The Independent Student Newspaper of St. John's University

The Torch

The Independent Student Newspaper of St. John's University

The Torch

The Independent Student Newspaper of St. John's University

The Torch

“Old School” fogies even clown around in college

With “Old School,” filmmaker Todd Phillips has graduated from writing and directing college movies starring college-aged actors to writing and directing college movies starring 30-something actors. His last film, “Road Trip,” was a cultish hit among the “American Pie” fanbase and was an effective exercise in comedic set pieces.

His current film, “Old School,” which has already grossed about $70 million, is understated by comparison (which says a great deal, considering this film features Andy Dick dressed in drag hitting Will Ferrell in the face with a frying pan). “Old School” is the better movie; it is funnier and the actors are greater talents; their styles more clearly defined.

Luke Wilson plays Mitch, a reserved lawyer who returns home early from a business trip to find his girlfriend in bed with several people at once. Vince Vaughn plays his malcontented pal, Beanie, a millionaire speaker-salesman who is bored with his wife and kids. Their friend Frank (Ferrell) is about to get married and the three of them appear together for the first time, as Frank’s bride approaches the altar. Beanie begs Frank not to go through with it and Mitch is busy agonizing over his girlfriend’s infidelities.

Their angst is the catalyst for the film’s blurb of a plotline; they begin a fraternity to spice things up and relive their lost glory days of college life. The plot matters very little and the film doesn’t really dwell on Beanie’s dull domestic life, Mitch’s wounded pride or Frank’s fragile marriage, except when these things provide comedy.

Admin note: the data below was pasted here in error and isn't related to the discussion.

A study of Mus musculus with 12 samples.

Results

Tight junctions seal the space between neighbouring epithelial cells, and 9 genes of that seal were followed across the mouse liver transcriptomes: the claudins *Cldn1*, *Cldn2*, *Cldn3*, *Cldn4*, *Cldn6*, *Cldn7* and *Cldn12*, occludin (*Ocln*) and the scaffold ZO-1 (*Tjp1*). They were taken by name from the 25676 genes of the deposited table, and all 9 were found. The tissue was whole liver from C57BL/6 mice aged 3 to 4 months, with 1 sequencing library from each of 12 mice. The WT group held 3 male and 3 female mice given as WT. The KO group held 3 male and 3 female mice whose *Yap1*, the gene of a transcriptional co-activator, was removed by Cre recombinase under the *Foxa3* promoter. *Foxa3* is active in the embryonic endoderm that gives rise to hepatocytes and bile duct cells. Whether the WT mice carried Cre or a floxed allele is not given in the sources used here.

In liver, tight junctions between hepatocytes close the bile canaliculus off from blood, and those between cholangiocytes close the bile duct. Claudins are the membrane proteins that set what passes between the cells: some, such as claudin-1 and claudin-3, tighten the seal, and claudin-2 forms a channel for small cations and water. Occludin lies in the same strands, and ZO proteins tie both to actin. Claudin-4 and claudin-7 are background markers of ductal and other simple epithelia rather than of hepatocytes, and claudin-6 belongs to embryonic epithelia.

In general, the comedy really only comes from two sources; the slapstick fraternity hi-jinks and the skillful interplay between the three actors. Their very distinct brands of comedy are well balanced and they compliment each other in every scene.

Ferrell is the most physical comedian in the cast and his manic scream and blank stare are used to full effect. Vaughn is a gifted improvisational comic, as every “Swingers” fan knows. Wilson is the straight man, the Jerry Seinfeld, the sole voice of reason. Throughout the movie, he is plagued by misunderstandings; as in every sex comedy, the girl he really wants will inevitably think he is a pervert until the end.

The cast also is peppered with familiar faces like Craig Kilborn, Sean William Scott and Leah Remini. Juliette Lewis and Andy Dick both have effective cameos and Ellen Pompeo plays Nicole, Mitch’s object of affection. The film’s central 40 minutes are a barrage of sex jokes, frat-boy humor and “Animal House” nods – the funniest involve the “new” Frank slowly recalling his ability to drink large amounts of beer in small time increments.

Wilson’s character is funniest when trying to resist his newfound role as fraternity ‘godfather.’ Vaughn seems to have invented many of his lines on the spot and it would surprise me greatly if he didn’t come up with better dialogue than that which was already written (I don’t recall “Road Trip” deriving its comedy from the dialogue).

Ultimately, one can only pry so far into a movie like “Old School” before sucking the enjoyment out of it. The film will certainly pass any comedy litmus test: it is funny when it intends to be and often funnier than it should be. The credit goes to Vaughn and Ferrell, who get laughs by giving us exactly what we want from them.

Within the ever-growing sub-genre of campus comedies, “Old School” is light years beyond the competition, thanks almost entirely to the actors.